Bridging the gap from developer to team lead
For many software professionals, coding is a pursuit of passion, and being promoted to higher positions is not a top priority. However, the desire for new challenges may leave software developers considering other opportunities.
Developers seeking something new have many options to choose from, be it working as a Solution Architect, a Scrum Master, or a Product Owner.
Another realistic goal is to become a team lead, a job that requires the same drive and motivation for development that has led professionals to the industry in the first instance.
With the number of software development vacancies projected to increase 22% from 2020 to 2030 and 918,000 unfilled IT jobs in the US, there is no better time for developers to be ambitious and look for promotions.
What are the qualities of a leader?
Developers often focus on a single aspect of a project, communicating with very few colleagues. This contrasts team leads, who collaborate with the whole team, spending far less time dealing with technical issues. As the name suggests, team leads must effectively manage teams, communicating well, and providing clear instructions.
As well as being the first person developers approach when they have a problem, a team lead should also be the one to suggest a solution. Team leads’ extensive knowledge generally equips them to provide solutions to bug fixing or specific code-related issues. It is important that leaders are skilled problem solvers, able to guide their team through difficult situations and lead by example.
Always be approachable
Team leads should always ensure they are constructive in their feedback, taking time to explain why a problem has occurred, as opposed to simply fixing it.
Leaders will not always have the answers but they should be willing to listen and able to provide support. They should feel comfortable asking more experienced developers to explain topics they are unfamiliar with, without fear of losing their authority. Openness to suggestions and new ideas is essential if a group is to work well together.
Team leads should also know which assignment each group member is working on at any given moment, pairing the right colleagues to guarantee success. This also involves giving feedback whenever approached, as employees need to feel valued, while understanding areas where they can improve.
When is the timing right?
The journey to team lead is often a challenge, with successful applicants passing through various stages on the way. Getting experience as a senior developer first is often essential, as this builds expertise leaders can then offer to their team.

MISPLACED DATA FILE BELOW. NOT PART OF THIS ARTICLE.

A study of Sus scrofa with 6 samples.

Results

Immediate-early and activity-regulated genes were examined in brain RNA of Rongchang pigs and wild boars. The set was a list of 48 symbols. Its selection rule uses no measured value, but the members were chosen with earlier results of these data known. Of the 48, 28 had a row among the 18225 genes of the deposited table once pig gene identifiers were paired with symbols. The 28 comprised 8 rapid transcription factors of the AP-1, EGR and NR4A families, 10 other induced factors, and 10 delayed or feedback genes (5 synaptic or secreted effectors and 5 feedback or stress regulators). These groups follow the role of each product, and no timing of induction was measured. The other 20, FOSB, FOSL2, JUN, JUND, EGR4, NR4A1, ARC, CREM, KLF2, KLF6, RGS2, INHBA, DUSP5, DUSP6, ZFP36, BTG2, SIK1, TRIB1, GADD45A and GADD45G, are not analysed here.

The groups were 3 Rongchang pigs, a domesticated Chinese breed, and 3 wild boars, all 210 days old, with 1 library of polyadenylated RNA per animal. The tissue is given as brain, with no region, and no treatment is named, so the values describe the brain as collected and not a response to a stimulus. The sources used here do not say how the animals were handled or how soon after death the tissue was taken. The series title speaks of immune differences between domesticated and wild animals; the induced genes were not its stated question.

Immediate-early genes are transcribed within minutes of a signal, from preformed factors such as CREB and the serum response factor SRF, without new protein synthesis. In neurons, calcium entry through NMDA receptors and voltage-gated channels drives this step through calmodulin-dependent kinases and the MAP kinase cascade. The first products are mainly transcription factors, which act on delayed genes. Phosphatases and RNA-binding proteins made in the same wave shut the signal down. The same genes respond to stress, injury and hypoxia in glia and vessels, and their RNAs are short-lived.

Often, becoming a team lead is the path of progression for natural leaders. Developers sharing knowledge and enthusiasm with colleagues is where leadership begins. Therefore, being a supportive team mate highlights qualities people expect to see from a team lead.
Taking the step up can often seem like a daunting prospect for a regular developer. However, this doesn’t mean they do not have useful skills for more senior roles.
Attention to detail is a prime example of this. Analysing and improving your code relentlessly may seem frustrating, but the capacity for meticulous work is likely to come in handy in a team leader's work.
Soft skills can take you a long way
As team leader, intense focus is placed on your use of language and people skills. Working effectively with company stakeholders and team members is important for success. Being tech-savvy is great, but leading a team goes far beyond that, not just relying on a strong foundation of knowledge but also the skill to communicate your insights to colleagues.
Team leads must also be confident solving conflicts involving both clients and colleagues. This demonstrates how responsibility increases alongside seniority, as the company will rely on your clear communication and interpersonal skills to keep staff, customers and clients happy.
There’s no right answer
With added emphasis on work ethic, knowledge, and taking responsibility, the life of a team lead may not appeal to everyone.
However, if you feel that constant development - both technical and interpersonal - is the right course of action for you, then the path toward becoming a team lead is one you should strongly consider.